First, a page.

Arts & Events

‘Sister Spit’ tour brings diverse artists’ narratives to campus community

Juliana Delgado Lopera performing poetry in the Rendezvous Room on March 5 — Photo credit to Alec Dionne

Twenty-two years ago, the “Sister Spit” tour was conceived in order to showcase the artistic talents of people who aren’t straight white males. On Tuesday, March 5, the tour performed in the University’s Rendezvous Room, thanks to the Associated Students of the University of Puget Sound (ASUPS) Director of Student Interests, Qiara Millen ’21.

The lineup consisted of seven artists from a wide variety of backgrounds. Each artist presented selected work over the course of the two-hour event. They explored a range of mediums that were just as diverse as their backgrounds, from cartoons to poetry to tarot cards.

“It started in 1997 by Michelle Tea and Sini Anderson in San Francisco. They were really tired of having a bunch of dudes doing poetry readings so they were like f—-k this, we’re gonna do a girls-only one,” Juliana Delgado Lopera said at the beginning of the event. “It stopped in 2003 and then with the changing landscapes now it’s all inclusive of women, trans people and non-binary people. We started all over again in 2007,” she continued.

Lopera is a San Francisco-based artist who hails from Colombia. She is the current Creative Director of RADAR Productions, the non-profit based in San Francisco that organizes and promotes LGBTQ+ events like “Sister Spit.”

“It’s both Imani and myself, we both run RADAR Productions, the mother organization that puts together Sister Spit,” she said, referring to Imani Sims.

Sims and Lopera both read their raw, politically radical and personal poetry. In addition to being Lopera’s partner in crime at RADAR Productions, Sims is an author and the Curator of “Kitchen Sessions,” a series of shows similar to “Sister Spit” held at Seattle Art Museum, Central District Forum for Arts and Ideas, Bellevue Art Museum and Theater Off Jackson.

Each performance was unique and moving in its own way, and the topics addressed by each presentation ranged from childhood to intersectionality to feminism, with many of the artists confronting multiple themes in one work.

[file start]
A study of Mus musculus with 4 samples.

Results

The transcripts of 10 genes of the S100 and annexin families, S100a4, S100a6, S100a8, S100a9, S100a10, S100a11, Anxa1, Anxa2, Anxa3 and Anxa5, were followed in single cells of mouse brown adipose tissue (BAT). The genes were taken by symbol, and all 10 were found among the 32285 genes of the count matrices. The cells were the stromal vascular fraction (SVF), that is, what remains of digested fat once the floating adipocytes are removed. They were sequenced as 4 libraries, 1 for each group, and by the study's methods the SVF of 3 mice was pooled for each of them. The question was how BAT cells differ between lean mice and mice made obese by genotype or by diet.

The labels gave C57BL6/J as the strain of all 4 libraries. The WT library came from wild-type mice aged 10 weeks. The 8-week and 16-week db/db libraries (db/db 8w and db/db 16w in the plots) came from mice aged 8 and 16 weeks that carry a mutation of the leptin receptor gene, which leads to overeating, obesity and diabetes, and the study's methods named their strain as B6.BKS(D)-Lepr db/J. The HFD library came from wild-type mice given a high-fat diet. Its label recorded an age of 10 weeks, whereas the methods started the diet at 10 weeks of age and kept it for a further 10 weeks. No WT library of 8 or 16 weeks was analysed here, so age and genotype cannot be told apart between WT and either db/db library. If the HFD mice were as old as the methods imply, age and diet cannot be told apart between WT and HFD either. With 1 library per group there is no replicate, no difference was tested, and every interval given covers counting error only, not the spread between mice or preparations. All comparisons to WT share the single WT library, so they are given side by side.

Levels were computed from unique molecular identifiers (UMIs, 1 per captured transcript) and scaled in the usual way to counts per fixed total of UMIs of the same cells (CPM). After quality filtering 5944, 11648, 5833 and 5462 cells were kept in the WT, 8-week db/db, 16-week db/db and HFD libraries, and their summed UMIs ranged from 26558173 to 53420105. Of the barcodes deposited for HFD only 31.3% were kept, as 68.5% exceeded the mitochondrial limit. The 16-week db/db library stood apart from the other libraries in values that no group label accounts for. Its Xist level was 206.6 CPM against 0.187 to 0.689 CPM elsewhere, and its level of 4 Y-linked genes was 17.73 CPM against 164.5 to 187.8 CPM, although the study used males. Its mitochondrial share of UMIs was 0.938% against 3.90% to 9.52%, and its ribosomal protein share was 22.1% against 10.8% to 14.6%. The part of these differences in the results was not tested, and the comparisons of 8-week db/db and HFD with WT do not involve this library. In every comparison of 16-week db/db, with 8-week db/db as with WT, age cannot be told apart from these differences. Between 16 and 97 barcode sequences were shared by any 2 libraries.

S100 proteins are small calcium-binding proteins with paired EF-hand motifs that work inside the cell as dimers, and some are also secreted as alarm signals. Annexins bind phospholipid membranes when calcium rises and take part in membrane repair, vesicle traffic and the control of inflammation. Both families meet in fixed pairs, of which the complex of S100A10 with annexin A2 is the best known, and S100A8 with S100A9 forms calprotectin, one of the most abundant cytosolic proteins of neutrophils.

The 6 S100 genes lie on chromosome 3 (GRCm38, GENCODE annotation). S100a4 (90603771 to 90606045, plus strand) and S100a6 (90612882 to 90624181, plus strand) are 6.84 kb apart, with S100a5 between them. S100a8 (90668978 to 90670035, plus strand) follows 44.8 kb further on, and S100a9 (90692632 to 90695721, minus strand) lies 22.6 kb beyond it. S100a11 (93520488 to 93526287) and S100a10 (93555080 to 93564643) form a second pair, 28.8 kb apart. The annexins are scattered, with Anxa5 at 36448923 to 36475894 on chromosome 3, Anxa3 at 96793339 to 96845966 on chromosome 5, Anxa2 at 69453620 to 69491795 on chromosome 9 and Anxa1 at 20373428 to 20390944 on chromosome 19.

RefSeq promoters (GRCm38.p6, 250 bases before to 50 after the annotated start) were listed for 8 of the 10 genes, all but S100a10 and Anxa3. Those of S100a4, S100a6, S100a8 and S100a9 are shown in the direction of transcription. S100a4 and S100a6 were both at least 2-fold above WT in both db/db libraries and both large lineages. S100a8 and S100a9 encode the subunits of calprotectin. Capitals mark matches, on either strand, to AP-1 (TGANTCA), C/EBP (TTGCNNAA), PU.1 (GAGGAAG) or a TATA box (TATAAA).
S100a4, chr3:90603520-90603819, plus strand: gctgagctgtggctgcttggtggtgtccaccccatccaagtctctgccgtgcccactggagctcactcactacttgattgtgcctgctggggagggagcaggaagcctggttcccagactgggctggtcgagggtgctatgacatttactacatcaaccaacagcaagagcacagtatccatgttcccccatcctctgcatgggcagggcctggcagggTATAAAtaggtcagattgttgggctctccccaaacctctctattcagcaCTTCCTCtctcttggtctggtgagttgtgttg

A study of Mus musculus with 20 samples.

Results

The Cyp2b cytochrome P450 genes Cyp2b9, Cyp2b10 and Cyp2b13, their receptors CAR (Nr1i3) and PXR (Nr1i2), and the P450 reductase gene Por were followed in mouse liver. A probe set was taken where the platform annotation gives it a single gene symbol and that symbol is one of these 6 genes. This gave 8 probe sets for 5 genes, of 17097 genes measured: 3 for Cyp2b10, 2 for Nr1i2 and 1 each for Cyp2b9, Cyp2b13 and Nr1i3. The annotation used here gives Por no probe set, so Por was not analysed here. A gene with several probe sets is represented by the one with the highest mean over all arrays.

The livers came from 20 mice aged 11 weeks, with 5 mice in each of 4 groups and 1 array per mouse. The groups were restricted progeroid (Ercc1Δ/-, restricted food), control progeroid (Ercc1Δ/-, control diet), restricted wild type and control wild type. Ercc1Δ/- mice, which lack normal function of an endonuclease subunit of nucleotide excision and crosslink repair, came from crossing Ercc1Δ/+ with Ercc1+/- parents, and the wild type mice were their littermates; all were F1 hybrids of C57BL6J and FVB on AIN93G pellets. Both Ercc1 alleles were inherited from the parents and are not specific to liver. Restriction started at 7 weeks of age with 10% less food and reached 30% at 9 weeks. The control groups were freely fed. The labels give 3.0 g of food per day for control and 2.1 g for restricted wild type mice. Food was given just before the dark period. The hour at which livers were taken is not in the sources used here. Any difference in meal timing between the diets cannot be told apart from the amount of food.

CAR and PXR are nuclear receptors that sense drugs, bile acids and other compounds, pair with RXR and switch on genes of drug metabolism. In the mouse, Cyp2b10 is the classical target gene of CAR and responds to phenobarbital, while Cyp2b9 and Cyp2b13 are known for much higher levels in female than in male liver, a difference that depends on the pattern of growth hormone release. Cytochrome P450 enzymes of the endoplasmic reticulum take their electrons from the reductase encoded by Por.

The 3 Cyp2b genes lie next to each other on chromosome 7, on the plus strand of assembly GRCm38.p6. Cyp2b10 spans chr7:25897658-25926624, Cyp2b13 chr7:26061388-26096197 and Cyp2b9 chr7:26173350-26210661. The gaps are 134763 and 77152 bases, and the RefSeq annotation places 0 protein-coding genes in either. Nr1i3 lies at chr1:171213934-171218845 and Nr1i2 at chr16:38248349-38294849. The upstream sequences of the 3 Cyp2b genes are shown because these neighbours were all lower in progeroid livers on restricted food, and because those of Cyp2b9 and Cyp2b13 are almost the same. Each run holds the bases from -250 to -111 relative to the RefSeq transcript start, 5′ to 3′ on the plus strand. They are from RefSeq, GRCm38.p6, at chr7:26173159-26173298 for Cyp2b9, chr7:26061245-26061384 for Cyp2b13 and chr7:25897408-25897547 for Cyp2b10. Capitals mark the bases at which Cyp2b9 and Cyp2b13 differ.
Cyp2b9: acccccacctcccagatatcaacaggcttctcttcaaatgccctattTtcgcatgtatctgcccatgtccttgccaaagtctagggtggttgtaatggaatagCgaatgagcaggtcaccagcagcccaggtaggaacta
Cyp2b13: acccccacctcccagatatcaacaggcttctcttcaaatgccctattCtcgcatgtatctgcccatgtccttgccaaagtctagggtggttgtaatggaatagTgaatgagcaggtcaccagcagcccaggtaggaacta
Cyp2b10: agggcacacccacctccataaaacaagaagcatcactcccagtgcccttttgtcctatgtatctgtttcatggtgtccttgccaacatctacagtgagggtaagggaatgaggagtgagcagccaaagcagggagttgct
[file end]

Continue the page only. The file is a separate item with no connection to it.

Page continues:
Lopera described the current aim of the event as two-tiered. “We are really retaking and reclaiming the road. Usually narratives on the road are written by white cis men like Jack Kerouac, so it’s definitely a way of reclaiming the space for us,” she said.

The second goal has to do with the audience. “We also bring this to very different places around the country so we are able to engage with other queer people everywhere else and bring the stories to other places,” Lopera said.

“Everybody is at different stages in their career and in their craft so putting us all together is definitely an experimentation on family. It’s both what’s happening with the family itself of the artists and the engagement with the audience itself,” she added.

This year’s performers included Lopera, Sims, Katherine Agard, Baruch Porras Hernandez, Cristy C. Road, Katie Fricas and Austin Hernandez.

Agard, a UC San Diego graduate who currently resides in San Francisco, is a Trinidad and Tobago native, artist and writer. She currently writes for Yes Femmes, Anmly and The Black Warrior Review. Her presentation featured a racially charged poem aided by milk imagery.

Baruch Porras Hernandez is a writer, stand-up comedian and two-time winner of Literary Death Match. Originally from Toluca, Mexico, Hernandez performed a gut-wrenching poetic account of his childhood, describing what it was like for him as a gay youth against a traditional Mexican backdrop.

Road performed a fiery and passionate reading of her hand-drawn tarot cards, “The Next World Tarot,” described on the Sister Spit Facebook page as “a traditionally illustrated Tarot depicting resilience and revolution.” A Cuban-American artist, writer and musician, Road’s tarot deck and readings contained strong themes of social justice for people of color, women and LGBTQ+ people.

New York cartoonist and library worker Katie Fricas presented a moving cartoon about the death of her grandmother with potent intersectional undertones.

The final artist, Hernandez, performed a spoken poem set to music. Hernandez is Mexican-American designer and writer raised in Texas but currently living in Brooklyn. His moving and eye-opening performance revealed his struggles with identity and isolation as a transgender, monolingual mestizo.

Further details about the artists and the tour can be found on the Sister Spit Facebook page.